Saturday, August 22, 2009


Checking Reality

Randal Rauser, associate professor of historical theology at Taylor Seminary, has finally gotten around to following up on his article of a couple of months ago concerning how the admittedly execrable Expelled misrepresented Intelligent Design. He has two complaints so far:

Ben Stein considers Francis Crick's attempt to explain the apparent design of DNA. Though an atheist, Crick concedes that DNA may have been designed, but then he suggests that this design could have resulted from intelligent alien life (i.e. the theory of directed panspermia).

Instead of seriously engaging this proposal of an alien designer, Stein dismisses it with a condescending sneer: "I thought we were talking about science, not science fiction!"
First of all, Rauser is, I think, confusing Crick with Richard Dawkins. While Crick famously dabbled in directed panspermia, I'm pretty sure he didn't concede or suggest anything in the movie, since he was a couple of years dead by that point (talk about your evidence for ID!).

Why is the possibility of "the Designer" being an alien race so important to ID?

This may play for cheap laughs among some conservative Christian viewers, but the cost of this quip is high. How so? Because granting the possibility of an alien designer establishes that ID hypotheses are not necessarily theistic, and that is important to refute the dogged claim that ID is merely "creationism in a cheap tuxedo".
But who takes an alien Designer as a serious claim? Certainly not the supporters of ID. Besides, if that is a serious claim, why, then, do ID "theorists" refuse to "address religious questions about the identity or metaphysical nature of the designer"? Surely, if the Designer is possibly an alien species, ID does not need to leave the kind of intelligent agent the Designer is "to religion and philosophy." The means and motives of natural, rather than supernatural, beings are fair game for science, so ruling out, a priori, any such investigation demonstrates that ID proponents don't seriously consider the idea.

There is one, and only one, role the "hypothesis" that the Designer could be a natural being plays in ID "theory" ... as a "fig leaf' (I'm sure Professor Rauser understands the meaning and origin of the phrase) to obscure the fact that ID is, in truth, necessarily theistic and intended to subvert the Constitutional ban on teaching theology as true in public schools.

Rauser's second complaint actually highlights this dishonesty on the part of ID proponents:

Sadly, just as Expelled marginalizes non-thesistic ID theories, so it ignores pro-Darwin Christian theology. Or if not quite ignoring it, it only pays attention to it long enough to dismiss it. ... Eugenie Scott (of the NCSC) says to Ben Stein: "The most important group we work with is members of the faith community because the best kept secret in this controversy is that Catholics and mainstream Protestants are okay on evolution."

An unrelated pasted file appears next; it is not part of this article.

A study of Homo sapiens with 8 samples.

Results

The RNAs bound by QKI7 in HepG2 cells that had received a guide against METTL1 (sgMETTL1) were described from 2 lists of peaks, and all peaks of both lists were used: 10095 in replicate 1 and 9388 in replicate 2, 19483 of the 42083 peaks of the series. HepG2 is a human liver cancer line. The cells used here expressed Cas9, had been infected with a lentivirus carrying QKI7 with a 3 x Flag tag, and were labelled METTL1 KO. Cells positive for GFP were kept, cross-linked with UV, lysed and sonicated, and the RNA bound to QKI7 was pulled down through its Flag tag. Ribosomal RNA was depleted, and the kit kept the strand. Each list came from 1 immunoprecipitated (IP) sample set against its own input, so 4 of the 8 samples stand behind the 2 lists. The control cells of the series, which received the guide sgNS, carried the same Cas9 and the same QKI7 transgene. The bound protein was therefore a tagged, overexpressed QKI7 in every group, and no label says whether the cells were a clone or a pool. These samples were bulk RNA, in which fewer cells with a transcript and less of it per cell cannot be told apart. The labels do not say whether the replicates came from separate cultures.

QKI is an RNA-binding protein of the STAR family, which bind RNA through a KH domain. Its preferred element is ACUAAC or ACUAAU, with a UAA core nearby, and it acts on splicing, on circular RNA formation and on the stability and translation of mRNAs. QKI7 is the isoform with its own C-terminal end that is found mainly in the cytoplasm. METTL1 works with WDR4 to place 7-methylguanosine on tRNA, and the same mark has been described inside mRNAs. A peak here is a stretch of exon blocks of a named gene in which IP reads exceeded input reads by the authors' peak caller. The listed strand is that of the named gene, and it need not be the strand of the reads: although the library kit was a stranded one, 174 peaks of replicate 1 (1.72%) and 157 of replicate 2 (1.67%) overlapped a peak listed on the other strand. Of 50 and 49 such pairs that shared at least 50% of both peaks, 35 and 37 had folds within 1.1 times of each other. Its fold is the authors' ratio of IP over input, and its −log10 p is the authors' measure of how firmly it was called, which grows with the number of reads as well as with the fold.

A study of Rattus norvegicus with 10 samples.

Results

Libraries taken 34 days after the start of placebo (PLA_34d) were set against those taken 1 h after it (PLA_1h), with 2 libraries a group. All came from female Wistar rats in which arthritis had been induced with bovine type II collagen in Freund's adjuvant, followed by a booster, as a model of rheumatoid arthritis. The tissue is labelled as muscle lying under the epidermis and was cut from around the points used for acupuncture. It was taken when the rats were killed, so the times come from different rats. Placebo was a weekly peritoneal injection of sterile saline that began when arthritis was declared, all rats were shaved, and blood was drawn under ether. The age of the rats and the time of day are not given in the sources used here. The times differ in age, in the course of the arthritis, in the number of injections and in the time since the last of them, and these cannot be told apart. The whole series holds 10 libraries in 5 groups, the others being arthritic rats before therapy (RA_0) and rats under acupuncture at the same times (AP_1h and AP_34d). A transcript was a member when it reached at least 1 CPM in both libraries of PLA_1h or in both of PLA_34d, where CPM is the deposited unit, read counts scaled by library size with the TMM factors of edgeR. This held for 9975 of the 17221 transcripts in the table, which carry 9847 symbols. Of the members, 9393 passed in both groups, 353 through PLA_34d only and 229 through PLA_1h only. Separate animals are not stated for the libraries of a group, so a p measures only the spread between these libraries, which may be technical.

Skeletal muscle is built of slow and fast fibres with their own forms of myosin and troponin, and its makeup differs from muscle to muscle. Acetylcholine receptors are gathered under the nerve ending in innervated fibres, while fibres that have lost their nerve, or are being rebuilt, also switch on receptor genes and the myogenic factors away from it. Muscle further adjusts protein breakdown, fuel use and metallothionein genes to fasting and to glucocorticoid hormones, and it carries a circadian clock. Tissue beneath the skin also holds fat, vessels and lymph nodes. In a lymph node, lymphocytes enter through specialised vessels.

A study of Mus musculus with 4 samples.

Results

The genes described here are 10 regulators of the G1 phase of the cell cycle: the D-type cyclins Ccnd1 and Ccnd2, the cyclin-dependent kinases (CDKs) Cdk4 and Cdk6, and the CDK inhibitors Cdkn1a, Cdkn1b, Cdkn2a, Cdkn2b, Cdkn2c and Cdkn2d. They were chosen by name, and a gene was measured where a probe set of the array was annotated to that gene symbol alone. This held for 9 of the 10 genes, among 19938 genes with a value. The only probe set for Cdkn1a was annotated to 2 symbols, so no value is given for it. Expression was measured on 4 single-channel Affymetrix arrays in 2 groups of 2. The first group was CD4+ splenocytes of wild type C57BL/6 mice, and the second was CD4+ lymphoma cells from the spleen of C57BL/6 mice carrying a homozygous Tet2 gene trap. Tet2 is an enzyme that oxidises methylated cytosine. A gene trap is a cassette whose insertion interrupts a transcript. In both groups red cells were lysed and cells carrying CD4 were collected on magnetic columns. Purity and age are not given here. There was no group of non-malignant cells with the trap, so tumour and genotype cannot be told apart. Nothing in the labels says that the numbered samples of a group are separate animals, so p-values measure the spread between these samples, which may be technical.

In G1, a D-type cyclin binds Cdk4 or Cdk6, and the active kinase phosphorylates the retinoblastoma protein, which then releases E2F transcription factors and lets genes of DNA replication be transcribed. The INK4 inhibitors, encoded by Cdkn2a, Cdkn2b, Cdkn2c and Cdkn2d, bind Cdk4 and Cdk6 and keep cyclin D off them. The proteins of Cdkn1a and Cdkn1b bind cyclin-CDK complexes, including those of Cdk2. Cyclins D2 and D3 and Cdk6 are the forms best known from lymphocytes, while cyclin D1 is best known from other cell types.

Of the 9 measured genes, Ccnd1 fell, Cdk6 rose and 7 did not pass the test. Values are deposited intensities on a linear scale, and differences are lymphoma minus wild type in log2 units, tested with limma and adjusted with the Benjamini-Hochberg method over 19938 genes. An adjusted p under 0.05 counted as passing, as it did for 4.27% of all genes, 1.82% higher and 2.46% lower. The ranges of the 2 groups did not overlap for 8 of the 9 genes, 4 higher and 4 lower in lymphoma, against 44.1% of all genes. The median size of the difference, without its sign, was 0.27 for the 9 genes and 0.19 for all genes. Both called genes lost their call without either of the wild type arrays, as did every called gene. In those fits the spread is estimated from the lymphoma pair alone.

Scott is entirely correct in noting this woefully under-reported fact. But instead of engaging the work of the many, many theologians who embrace evolution ... [Stein interviews] a theologically uninformed journalist who dismisses all pro-Darwin theologians as "liberals". ...

Not content with defining all pro-Darwin theologians as liberals, this journalist then makes the following completely outrageous claim: "Implicit in most evolutionary theory is that either there is no God or God cannot have anything, any role in it. So naturally, as many evolutionists will say, it's the strongest engine for atheism." Sure Richard Dawkins would agree with that. But why not interview some of the majority of Christian theologians who would not?

It is not that Expelled completely shuts out theologians who accept evolution. Indeed, Stein interviews a number of them including Alister McGrath, John Lennox and John Polkinghorne. The only problem is that he never broaches the topic of theistic evolution, or even tips off the viewer that these theologians hold these views.

After a horribly skewed survey of the issues Stein draws his predictable conclusion: "It appears Darwinism does lead to atheism...." To this I say: only if you want it to Mr. Stein.
So close, Professor Rauser, but you missed it by that much! ID is not only a theological wolf dressed in science's tuxedo but it is, indeed, a narrow, sectarian theology at that -- centered on conservative Christianity (though it is happy to welcome conservative Jewish and Moslem fellow travelers) -- that has no purpose except to rescue that particular theology from its contradiction by the real world.